Visit our primer on SAML (pronounced like “SAM-El”; or “Sam’ll come eat when he’s hungry”) if you’re unfamiliar or just a little rusty.
Here are a few highlights:
SAML assertions are the proof of a user’s authentication, e.g., an assertion proves to applications that the user verified is who she says she is; and these assertions often include bits of information about the user that gives her access to certain things. For example, if we’re enabling SSO among apps for our hospital staff, apps might need to know if a nurse, doctor, or other hospital staff is trying to access medical records. We need to check that the user has been authenticated, and that they’re allowed access to the system, in other words, they’re authorized.
So where does this tool fit in? Yes, sorry, I’m getting there. The extra bits of information I talked about in the last section might be sensitive information, and we’re passing this assertion, which is essentially just an XML document, across the network to various apps with potential browsers or user agents facilitating the communication. Well, if a malicious user were to get their hands on the assertion, they’ll easily be able to read the information in it. How do we protect against these prying eyes? We encrypt the info!
That’s right, we are going to get all fancy with cybersecurity. Encryption protects the information from prying eyes by making it look like a jumbled mess of data that only certain parties can unscramble. A common way of encrypting is to use a secret, or a key. The IdP, the one generating these assertions, will use an algorithm with that secret to encrypt the information in the SAML assertion (we’re keeping it simple here folks). Then that key is shared with certain trusted parties who can then decrypt the encrypted data. Making sense?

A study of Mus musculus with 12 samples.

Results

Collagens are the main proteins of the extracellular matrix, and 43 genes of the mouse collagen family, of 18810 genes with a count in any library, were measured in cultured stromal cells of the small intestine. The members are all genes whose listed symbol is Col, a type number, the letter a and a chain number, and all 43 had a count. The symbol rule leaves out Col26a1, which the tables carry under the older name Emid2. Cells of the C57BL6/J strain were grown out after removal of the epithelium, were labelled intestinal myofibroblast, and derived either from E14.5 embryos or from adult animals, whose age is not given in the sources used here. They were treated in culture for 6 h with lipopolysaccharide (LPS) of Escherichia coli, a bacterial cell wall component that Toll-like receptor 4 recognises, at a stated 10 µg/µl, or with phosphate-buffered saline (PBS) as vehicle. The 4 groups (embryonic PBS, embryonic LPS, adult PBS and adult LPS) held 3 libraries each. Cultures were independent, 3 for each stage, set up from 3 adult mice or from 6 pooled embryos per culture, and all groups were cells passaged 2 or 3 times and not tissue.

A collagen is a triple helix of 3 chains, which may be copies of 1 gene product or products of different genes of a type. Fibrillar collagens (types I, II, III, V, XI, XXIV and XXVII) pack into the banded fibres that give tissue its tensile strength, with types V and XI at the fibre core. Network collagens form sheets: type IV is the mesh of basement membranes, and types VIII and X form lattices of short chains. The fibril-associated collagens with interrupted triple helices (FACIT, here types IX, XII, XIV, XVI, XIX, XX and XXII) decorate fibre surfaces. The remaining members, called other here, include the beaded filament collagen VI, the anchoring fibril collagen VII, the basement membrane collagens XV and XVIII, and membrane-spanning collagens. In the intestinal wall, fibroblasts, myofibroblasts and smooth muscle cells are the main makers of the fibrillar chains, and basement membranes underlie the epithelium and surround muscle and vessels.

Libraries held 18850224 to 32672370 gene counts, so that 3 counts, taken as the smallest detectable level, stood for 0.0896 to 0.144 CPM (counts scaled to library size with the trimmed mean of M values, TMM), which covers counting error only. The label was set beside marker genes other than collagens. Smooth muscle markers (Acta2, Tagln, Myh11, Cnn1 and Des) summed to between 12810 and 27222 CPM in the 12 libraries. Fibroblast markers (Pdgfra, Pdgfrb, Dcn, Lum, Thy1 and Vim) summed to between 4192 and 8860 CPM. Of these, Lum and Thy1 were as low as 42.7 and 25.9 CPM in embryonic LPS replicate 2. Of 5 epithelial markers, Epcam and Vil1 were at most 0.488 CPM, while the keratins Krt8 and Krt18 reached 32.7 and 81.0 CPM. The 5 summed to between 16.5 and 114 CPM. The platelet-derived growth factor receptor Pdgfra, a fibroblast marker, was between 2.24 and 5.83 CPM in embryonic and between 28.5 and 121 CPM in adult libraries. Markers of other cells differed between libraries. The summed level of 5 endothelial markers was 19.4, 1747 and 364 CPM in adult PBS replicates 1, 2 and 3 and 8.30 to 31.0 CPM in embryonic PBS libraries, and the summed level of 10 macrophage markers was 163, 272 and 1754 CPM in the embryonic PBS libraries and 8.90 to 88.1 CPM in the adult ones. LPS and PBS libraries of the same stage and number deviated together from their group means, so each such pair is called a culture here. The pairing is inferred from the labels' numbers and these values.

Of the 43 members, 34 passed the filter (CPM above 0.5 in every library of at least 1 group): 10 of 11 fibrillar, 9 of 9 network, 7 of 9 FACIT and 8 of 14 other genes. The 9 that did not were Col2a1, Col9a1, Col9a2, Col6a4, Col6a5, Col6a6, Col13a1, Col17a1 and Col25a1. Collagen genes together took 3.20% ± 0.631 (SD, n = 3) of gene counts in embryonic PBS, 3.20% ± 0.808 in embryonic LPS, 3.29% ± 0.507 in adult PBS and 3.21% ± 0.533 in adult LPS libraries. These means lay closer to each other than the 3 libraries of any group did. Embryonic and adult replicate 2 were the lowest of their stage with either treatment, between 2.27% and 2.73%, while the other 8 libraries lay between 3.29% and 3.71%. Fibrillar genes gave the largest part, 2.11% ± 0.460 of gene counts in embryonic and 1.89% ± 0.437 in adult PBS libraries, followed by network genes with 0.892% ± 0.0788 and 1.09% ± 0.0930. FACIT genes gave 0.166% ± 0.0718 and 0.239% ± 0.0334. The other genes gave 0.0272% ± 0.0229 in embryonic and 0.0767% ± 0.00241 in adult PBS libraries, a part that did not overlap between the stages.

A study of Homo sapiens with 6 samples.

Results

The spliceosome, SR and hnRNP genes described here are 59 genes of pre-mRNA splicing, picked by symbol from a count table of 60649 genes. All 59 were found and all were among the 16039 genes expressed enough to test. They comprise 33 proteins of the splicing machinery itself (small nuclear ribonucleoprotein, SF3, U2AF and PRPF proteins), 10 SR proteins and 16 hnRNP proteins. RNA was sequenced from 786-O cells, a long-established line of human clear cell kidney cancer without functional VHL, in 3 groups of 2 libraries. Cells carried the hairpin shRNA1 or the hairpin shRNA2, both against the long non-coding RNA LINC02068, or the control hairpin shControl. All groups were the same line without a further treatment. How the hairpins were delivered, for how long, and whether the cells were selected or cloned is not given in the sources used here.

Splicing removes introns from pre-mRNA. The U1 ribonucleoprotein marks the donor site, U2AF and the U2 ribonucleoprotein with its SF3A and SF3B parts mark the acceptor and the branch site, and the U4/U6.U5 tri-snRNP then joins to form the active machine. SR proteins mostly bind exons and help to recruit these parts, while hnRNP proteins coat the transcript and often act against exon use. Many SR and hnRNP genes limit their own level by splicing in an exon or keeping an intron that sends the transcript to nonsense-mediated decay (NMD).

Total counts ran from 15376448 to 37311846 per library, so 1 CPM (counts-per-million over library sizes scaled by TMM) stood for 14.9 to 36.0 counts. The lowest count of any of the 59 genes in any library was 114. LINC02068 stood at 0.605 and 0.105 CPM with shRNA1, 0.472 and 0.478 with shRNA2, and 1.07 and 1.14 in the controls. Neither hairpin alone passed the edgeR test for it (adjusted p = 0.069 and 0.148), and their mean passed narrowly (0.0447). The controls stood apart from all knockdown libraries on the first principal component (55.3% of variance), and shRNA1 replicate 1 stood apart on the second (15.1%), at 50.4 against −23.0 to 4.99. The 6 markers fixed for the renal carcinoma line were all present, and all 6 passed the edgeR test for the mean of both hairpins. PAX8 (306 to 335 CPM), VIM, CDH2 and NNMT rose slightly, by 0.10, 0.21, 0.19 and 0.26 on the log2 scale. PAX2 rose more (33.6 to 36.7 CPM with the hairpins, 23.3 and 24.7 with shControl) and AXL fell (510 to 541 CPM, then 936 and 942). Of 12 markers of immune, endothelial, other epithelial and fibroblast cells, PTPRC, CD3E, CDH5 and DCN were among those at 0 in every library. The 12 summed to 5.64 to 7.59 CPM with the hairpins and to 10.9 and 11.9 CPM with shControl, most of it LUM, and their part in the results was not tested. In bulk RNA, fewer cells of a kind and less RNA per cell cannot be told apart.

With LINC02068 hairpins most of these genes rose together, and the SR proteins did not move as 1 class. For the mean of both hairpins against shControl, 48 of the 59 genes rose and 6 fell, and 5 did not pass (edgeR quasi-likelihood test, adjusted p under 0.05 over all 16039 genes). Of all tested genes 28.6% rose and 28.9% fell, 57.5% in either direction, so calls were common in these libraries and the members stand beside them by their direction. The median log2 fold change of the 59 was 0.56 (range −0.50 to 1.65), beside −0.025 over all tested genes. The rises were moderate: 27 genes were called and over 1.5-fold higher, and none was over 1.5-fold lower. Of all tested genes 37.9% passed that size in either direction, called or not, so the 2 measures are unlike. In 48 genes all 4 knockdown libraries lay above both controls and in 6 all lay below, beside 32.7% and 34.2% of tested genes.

This tool is made to help debug what’s going on in your SAML setup (since this requires inputting a secret, it’s wise to only use this for testing environments where the secret can’t be leaked and compromise valuable info or access, even though this app does all its work client-side). We often want to verify that the information in the SAML assertion matches with what we expect to be there.
It doesn’t help us to sit and stare at a scrambled jumble of numbers, letters, and other characters as if it were the world’s most challenging word search puzzle. We want to take a peek behind the door, and it requires the key to get in. What I’m getting at is, in order to decrypt an encrypted SAML assertion (or encrypted anything), a secret and the assertion is what’s needed. So, that’s exactly what this tool asks for. No more, no less.
The process only involves a few steps.
Input an encrypted, but decoded, SAML assertion in the first input box.
You can tell the difference because the encrypted and encoded assertion looks like one long string of random characters while the encrypted but decoded string will look like an XML document where you can read the actual tags.
If you have an encrypted and encoded SAML assertion, you can use our SAML Decoder tool to decode it.
Next, you’ll want to upload the secret stored in a file using the PEM format. The PEM format for the kind of key we’re looking for will start with the header “-----BEGIN PRIVATE KEY-----” and end with “-----END PRIVATE KEY-----”.
Click decrypt and out comes your decrypted SAML assertion!
Doesn’t handle unicode text very well.
Only one encrypted assertion node
It only decrypts if one of the aes-cbc algorithm was used.
*Although this tool runs client-side, since you’re inputting a secret, you should only use this with testing environments.